A new method of testing food for Salmonella contamination using recombinant bacteriophage proteins is both faster and can be applied to larger food samples, says its French manufacturer.
It is the second phage-technology test for food contamination introduced recently by the French company, bioMérieux. It earlier rolled out its VIDAS E. coli O157 phage technology test for detection of Escherichia coli, including the H7 strain.
A third in this series — a Listeria test — is planned for release during the fourth quarter of this year.
A familiar figure in the U.S. food safety community is helping bioMérieux guide the new tests to market. J. Stan Bailey, who spent one career as a top scientist with USDA’s Agriculture Research Service, is now director of scientific affairs for bioMérieux.
Bailey, who was also recently president of the International Association for Food Protection, spent 35 years as one of the world’s leading Salmonella researchers. Like many others who’ve taken on the bacterium, Bailey often thinks of it as a single entity that fights back whenever modern science takes some action against it.
“I’ve often said that Salmonella was here long before we were, and it’s likely to be here long after we are gone,” Bailey told Food Safety News.
Salmonella causes one of the world’s most common intestinal infections called salmonellosis. There are many different strains around the globe, some specific to particular continents.
That Salmonella is such a robust organism that thrives under various conditions is what makes the pathogen so perplexing. “I have a lot of respect for Salmonella,” Bailey says.
He says the new Salmonella test is a “game-changer” in that it will minimize the time and complexity for testing, which will mean less food contaminated with Salmonella reaching the consumer.
And at a time when food industry margins are tight and government budgets are being squeezed, the speed and utility of the new test should make its use cost-effective for both public and private labs, Bailey said.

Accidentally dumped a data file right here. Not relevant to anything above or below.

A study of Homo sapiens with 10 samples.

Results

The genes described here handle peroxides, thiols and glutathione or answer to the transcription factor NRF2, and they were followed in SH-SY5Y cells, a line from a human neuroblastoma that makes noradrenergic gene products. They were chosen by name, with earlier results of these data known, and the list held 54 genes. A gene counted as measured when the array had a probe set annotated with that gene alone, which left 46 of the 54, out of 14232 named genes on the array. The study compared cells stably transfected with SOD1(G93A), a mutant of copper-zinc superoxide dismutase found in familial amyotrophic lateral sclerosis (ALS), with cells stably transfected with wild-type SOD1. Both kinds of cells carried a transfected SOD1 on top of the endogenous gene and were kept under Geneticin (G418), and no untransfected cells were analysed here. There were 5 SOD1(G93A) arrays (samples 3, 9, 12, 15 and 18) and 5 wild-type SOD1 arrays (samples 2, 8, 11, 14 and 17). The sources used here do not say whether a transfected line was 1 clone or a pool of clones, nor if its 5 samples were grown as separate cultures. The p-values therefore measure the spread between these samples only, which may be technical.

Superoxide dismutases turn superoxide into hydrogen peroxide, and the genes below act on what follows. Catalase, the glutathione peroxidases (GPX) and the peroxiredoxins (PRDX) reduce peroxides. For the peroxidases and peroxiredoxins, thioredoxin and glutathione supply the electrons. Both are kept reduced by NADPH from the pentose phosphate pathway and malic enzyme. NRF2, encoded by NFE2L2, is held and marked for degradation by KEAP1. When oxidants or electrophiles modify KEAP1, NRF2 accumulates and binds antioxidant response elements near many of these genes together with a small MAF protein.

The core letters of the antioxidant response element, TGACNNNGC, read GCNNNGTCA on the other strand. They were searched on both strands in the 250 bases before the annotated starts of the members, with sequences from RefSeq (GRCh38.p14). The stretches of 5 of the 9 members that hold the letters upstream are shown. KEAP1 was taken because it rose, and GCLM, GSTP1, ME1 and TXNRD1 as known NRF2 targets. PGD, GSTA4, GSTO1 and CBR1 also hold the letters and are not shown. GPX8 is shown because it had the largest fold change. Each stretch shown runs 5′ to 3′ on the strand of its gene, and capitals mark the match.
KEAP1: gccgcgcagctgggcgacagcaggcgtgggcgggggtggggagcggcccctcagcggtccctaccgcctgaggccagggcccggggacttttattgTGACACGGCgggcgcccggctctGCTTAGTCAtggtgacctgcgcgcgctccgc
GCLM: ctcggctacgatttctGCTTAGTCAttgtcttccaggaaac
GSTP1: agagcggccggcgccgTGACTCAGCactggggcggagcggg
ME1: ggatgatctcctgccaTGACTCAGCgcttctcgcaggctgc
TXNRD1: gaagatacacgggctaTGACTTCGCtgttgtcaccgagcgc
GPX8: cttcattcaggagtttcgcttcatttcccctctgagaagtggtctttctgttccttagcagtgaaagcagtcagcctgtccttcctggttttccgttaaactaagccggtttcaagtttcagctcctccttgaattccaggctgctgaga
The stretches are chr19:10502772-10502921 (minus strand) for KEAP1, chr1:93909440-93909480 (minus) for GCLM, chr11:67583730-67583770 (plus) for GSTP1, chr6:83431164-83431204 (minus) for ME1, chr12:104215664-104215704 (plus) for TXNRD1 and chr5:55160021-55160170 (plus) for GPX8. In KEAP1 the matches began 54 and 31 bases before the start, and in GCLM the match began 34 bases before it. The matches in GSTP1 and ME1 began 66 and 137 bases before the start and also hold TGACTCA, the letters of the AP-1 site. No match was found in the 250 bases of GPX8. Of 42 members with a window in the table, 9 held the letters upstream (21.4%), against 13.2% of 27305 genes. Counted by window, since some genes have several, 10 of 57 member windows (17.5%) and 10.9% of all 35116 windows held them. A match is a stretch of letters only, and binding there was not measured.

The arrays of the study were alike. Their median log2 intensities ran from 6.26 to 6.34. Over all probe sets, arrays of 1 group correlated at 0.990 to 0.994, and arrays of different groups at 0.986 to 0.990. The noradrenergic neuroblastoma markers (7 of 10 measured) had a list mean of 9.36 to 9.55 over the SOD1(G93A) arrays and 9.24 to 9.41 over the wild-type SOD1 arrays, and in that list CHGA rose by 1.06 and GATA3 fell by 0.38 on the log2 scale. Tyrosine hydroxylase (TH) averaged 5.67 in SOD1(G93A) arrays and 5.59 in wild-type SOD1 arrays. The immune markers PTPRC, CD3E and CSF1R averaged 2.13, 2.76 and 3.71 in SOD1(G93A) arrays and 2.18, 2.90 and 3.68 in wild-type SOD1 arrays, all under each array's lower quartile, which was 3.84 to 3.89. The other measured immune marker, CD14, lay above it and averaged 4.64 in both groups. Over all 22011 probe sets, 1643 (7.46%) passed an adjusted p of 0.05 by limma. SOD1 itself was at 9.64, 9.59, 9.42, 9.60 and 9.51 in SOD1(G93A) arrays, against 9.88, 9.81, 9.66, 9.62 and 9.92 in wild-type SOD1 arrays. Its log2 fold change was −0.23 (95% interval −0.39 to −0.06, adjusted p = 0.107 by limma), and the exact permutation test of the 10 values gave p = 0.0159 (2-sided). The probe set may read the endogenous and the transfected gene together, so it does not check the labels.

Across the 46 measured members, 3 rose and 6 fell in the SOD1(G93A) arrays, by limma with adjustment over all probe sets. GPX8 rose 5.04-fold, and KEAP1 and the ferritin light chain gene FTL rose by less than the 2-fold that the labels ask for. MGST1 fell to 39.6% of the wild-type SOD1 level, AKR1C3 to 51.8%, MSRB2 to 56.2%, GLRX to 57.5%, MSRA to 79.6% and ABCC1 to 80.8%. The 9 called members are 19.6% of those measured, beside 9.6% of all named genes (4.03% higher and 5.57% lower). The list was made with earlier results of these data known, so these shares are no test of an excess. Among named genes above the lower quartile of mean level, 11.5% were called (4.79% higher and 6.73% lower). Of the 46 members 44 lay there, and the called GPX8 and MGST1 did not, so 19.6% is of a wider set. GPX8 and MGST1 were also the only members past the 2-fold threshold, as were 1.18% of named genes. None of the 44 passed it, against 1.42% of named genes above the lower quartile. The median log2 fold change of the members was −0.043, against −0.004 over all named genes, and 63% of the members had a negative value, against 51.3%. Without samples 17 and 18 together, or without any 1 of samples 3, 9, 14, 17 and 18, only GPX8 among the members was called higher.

A simpler, faster test makes it more likely that companies producing Salmonella-prone food lots — everything from poultry to produce to nuts — will employ “test and hold” strategies.
The new bioMérieux test can return results in as little as 19 hours, according to Bailey, compared with existing reference methods that take as long as three days. Bailey thinks the food industry, ever conscious of its holding, storing, and shipping costs, will consider the faster and easier test a good option.
He declined to be specific about costs because those are not in his bailiwick at bioMérieux, but he did say their tests are cost-competitive and “will save money in the long run.”
Bailey says another key element of the new Salmonella test is that it can used on a larger sample of food, which if done in a systematic way has district advantages.
The phage protein technology is able to detect even low levels of contamination.
Knocking down the number of salmonellosis cases from foodborne Salmonella contamination is clearly one of the food industry’s top challenges. The federal Centers for Disease Control and Prevention (CDC) recently said the number of such illnesses was up 10 percent over 10 years ago.
Bailey said salmonellosis is a “horrible illness” that actually is undercounted because people who become ill often tough it out at home without going to a physician.
And doctors often do not order clinical tests for someone who is recovering. (The VIDAS® SPT is used to test food, it is not a clinical test for humans.)
Bailey says he enjoyed his entire career with USDA, but is finding the opportunity to be involved with different things at bioMérieux to be “very invigorating.”
bioMérieux, a world leader in the field of vitro diagnostics, is based in Marcy l ‘Etoile, France.
Asked about the deadly epidemic caused by E. coli O104:H4 in Europe, Bailey said that, too, is a “game-changer.”
Bailey says it is probably true that outbreak surveillance is better in the U.S. than in Europe, but quickly adds that nobody could have gotten on top of this particular pathogen any faster.
He says the apparent virulence factor of E. coli O104:H4 alone is going to present the world health community with many challenges. Bailey also predicts researchers may need to shift focus to specific toxins rather than organisms.